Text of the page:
On November 25, 2008, Beijing Cultural Heritage Protection Center (CHP) organized a law seminar to discuss how public interest litigations (PIL) can help preserving the rich cultural heritage in China, using Courtyard 222 on Qianmen Xiheyan Street as a case study. After the seminar, a few journalists present at the discussion published articles on different media, analyzing and introducing this new angle of cultural heritage preservation.

Fortunately, one of the articles caught the attention of Director Shan Jixiang of State Administration of Cultural Heritage (SACH), and he decided to pay a visit to this courtyard 222 personally to investigate its experiences (details about this lawsuit is available in Chinese at the bottom link). And on January 9th, 2009, we were very lucky to bump into Director Shan and communicated some of our thoughts directly with the highest government official in China responsible for the policy of cultural heritage preservation.

During our talk with him, Director Shan put much emphasis on the importance of public participation in cultural heritage preservation. He gave us an example of what had happened in Turpan. The proposed budget of local cultural heritage preservation authority in restoring one underground water tunnel is about 20 times the cost of the locals if they were to do it in the traditional way. It is very clear that the grassroots community’s wisdom is valuable in solving the problems faced in nowadays cultural heritage preservation. Even in Beijing, Director Shan believes that without mobilized local communities, who would be able to renovate their own houses, the goal in preserving urban heritage can’t be successfully achieved.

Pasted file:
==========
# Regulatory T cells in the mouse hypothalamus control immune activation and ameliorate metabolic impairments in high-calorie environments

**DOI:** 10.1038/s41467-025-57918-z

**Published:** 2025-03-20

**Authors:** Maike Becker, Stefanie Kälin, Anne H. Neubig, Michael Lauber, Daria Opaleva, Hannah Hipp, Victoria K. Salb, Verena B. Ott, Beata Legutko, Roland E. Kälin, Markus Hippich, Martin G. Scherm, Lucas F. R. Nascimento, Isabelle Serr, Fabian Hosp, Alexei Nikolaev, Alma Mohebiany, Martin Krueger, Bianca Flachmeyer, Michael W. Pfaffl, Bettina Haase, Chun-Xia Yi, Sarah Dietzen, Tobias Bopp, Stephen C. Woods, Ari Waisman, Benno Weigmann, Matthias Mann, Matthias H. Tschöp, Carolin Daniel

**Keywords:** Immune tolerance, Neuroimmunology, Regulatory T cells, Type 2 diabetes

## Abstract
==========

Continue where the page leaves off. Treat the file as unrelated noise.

Of course, we understand that there is a lot of work to be done before the local communities are really empowered. For example, the current government management system needs to be streamlined, and the property ownership should be protected in accordance to the property law. In order to do so, the local communities should learn how to use the law as a powerful weapon, especially in a society that advocates the rule of law. This also explains why Director Shan spoke highly the experiences of Courtyard 222. One of the CHP volunteers, Guo Ran, shared with Director Shan our observations when we organized our law seminar, as well as our experiences in applying this experience in other cases.

Director Shan inspected the whole courtyard, and asked those people who have not moved questions to understand the impact of the lawsuit to them, as well as to the house. From this inspection, we can see the government’s determination in protecting the integrity of historical neighborhoods by promoting public interest litigation. As a NGO studying the impact of PIL, we are delighted to see this positive change. We sincerely hope that we could have more opportunities to exchange ideas with the government, so that we can contribute more in the preservation of our cultural heritage.